Where and when the rocket stage will land is impossible to predict.
World

4 May, 2021 04:06 AM3 minutes to read

The Long March-5B Y2 rocket carrying the core module of China's space station, Tianhe, blasts off from the Wenchang Spacecraft Launch Site on April 29. Video / CNSA

A huge rocket launched by China last week is slowly and unpredictably heading back to Earth, with New Zealand potentially in its path.

The 22.5 tonne Long March 5B, a variant of China's largest rocket, was launched successfully from Wenchang last Thursday.

The rocket's core stage delivered its payload directly into Earth's low orbit but a glitch has seen its core stage also in orbit.

The rocket is likely to make an uncontrolled re-entry over the next days or week as the atmosphere drags it crashing to Earth.

An astronomer who tracks objects orbiting Earth, Jonathan McDowell, told SpaceNews that its path takes it "a little farther north than New York, Madrid, Beijing and as far south as southern Chile and Wellington, New Zealand".

Still no TLEs for the Vega launch. One more TLE for object B from the Tianhe launch, whose slow decay rate confirms it is the CZ-5B core stage pic.twitter.com/0dVkUkcpjA

— Jonathan McDowell (@planet4589) April 30, 2021

Satellite trackers have detected the 30m-long rocket travelling at more than seven kilometres per second.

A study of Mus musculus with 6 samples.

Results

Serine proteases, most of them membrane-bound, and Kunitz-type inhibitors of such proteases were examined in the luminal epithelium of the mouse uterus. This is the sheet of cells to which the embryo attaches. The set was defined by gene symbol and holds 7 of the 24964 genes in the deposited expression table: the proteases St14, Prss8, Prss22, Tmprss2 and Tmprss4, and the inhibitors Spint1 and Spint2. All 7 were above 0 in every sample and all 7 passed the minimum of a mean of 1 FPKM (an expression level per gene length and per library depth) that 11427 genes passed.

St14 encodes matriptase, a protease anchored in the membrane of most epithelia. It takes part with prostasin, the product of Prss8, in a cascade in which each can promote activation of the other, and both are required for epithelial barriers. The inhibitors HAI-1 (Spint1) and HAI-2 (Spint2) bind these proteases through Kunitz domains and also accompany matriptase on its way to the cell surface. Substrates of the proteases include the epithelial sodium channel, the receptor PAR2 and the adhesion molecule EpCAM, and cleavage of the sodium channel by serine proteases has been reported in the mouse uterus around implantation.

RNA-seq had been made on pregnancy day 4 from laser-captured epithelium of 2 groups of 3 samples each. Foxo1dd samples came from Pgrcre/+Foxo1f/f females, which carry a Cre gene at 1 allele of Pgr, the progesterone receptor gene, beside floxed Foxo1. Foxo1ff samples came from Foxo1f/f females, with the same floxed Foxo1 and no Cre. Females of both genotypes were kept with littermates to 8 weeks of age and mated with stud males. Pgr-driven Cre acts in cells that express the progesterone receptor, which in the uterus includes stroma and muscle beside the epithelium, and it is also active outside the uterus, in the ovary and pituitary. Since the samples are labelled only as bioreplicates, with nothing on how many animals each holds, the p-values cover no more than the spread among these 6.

There had been speculation that the Long March 5B core would perform an active manoeuvre to deorbit itself, but that appears not to have happened.

If the rocket doesn't substantially break up it will be one of the largest instances of uncontrolled re-entry of a spacecraft and could potentially land on an inhabited area.

Where and when the new Long March 5B stage will land is impossible to predict.

The Long March-5B-Yao 2 carrier rocket blasts off from the Wenchang Space Launch Centre in Hainan Province on April 29. Photo / Getty Images
The Long March-5B-Yao 2 carrier rocket blasts off from the Wenchang Space Launch Centre in Hainan Province on April 29. Photo / Getty Images

The high speed of the rocket body means it orbits the Earth roughly every 90 minutes. A change of just a few minutes in re-entry time results in re-entry point thousands of kilometres away, SpaceNews reported.


China's latest mission is linked to construction of their space station.

Long March 5B was delivering a module, named "Tianhe", or "Harmony of the Heavens", which will become living quarters for three crew members once the massive structure is complete.

The space station, named "Tiangong" (Heavenly Palace), is expected to have a mass of up to 100 tonnes – roughly one-fifth the mass of the ISS, which is 420 tonnes.